The Sky-Vu Drive-In Theatre is located at the east end of Gratz, Dauphin County, Pennsylvania, along Route 25. It was open “in season” from early spring through mid-November. The photograph shown here was taken in the 1990s. There are no films advertised on the sign board and the grounds appear to be overgrown with weeds.
In 1949, the land on which the theatre now stands, was sold by Allen Lincoln Shade and Etta May [Hartman] Shade to Eston C. Artz and Stanford E. Carl. Eston and Stanford established a partnership to create the Sky-Vu Drive-In Theatre in 1950.
In several of those early years of operation of the Sky-Vu, I was a pre-teen and I recall getting into a vehicle of a family member and going off to the drive-in in Gratz. On the way, we would joke about the ways some of us could hide in the car so the “toll booth operator” couldn’t see us. We never did, but we were sure that some of the others who were there got in that way. The adults who took us were always careful to park in a spot near the center and near the concession, so that if we left the car for refreshments or to stretch our legs, we wouldn’t ask too many questions about why so many cars were parked to the sides and so far from the screen and why the windows were steamed up on those cars. A trip to the refreshment stand was always on the agenda, and there were always lines even though the food and drinks seemed to be expensive. While I don’t recall any of the films I saw there, I do remember that there were always double or triple features, with each film shown once, and that we never stayed for all the shows. There were also cartoons that preceded the feature films. The sound system was crude. Each car had to park at a pole with a speaker hanging from it. The driver reached out and pulled the speaker box into the car and hooked it to the window, then rolled up the window. There was no wireless, so the speaker cords dangled from the speaker box to the pole. We heard stories of people who forgot to put the speaker back on the pole and drove off – ripping the cord and making the parking place useless for the next patron. I also remember that a drive-in employee would come around and assist anyone who couldn’t get the speaker working right – which seemed to be more often than not. For someone who grew up in Atlantic City, with at least ten movie theatres in the neighborhood, going to a movie was not as much of an exciting experience as it was for many in the Lykens Valley – but going in a car and watching a movie “outdoors” was different and a memorable part of my summer vacations upstate.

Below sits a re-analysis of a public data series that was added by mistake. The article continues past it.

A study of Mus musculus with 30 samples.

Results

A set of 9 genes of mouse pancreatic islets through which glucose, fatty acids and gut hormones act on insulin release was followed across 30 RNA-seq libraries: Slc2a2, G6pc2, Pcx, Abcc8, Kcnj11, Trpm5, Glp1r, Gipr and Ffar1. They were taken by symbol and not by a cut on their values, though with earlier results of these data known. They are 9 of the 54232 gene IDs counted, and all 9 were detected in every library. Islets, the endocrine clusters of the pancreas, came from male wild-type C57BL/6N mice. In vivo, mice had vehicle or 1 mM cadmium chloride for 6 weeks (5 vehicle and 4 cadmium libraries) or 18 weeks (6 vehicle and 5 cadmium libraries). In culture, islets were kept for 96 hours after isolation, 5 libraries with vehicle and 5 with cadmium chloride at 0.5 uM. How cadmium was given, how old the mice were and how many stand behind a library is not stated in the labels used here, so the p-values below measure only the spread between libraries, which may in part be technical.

After those late 1940s and early 1950s summer visits to the Sky-Vu, I never returned. It was time to spend the summers working in Atlantic City where jobs were plentiful. Money had to to be earned and saved for college.
In 1969, the Collonade Theatre in Millersburg was purchased by Marvin Troutman and Ada Troutman, who turned the operation of the theatre over to their son Marvin Troutman, who ran it as a sideline to his undertaking business. Marvin, and his wife, Doris R. [Hoover] Troutman, decided they liked the movie theatre business better than undertaking, and moved full-time into it with the purchase of the Gratz Sky-Vu Drive-In and Halifax Drive-In. Shortly afterward, they formed Martro Theatres, Inc., and by 1972, they formed the Cinema Supply Company, which supplied necessities to the theatres. At the same time, the Troutman’s had turned their theatres into pornography venues, which was where the money seemed to be.
Between then and the present, the drive-in has had some intermittent periods of success. One “modernization” that occurred was the broadcasting of the sound via FM radio rather than using the oft-damaged speakers on poles next to the parking spaces. In the 21st century, recent movie features were shown, but what threatened the permanent closing was the switch-over to digital projection, a very expensive proposition. Today, the drive-in is under new management and operates as a family-friendly venue. The new management was able to procure the required equipment, and it appears that they have just completed their fist successful season.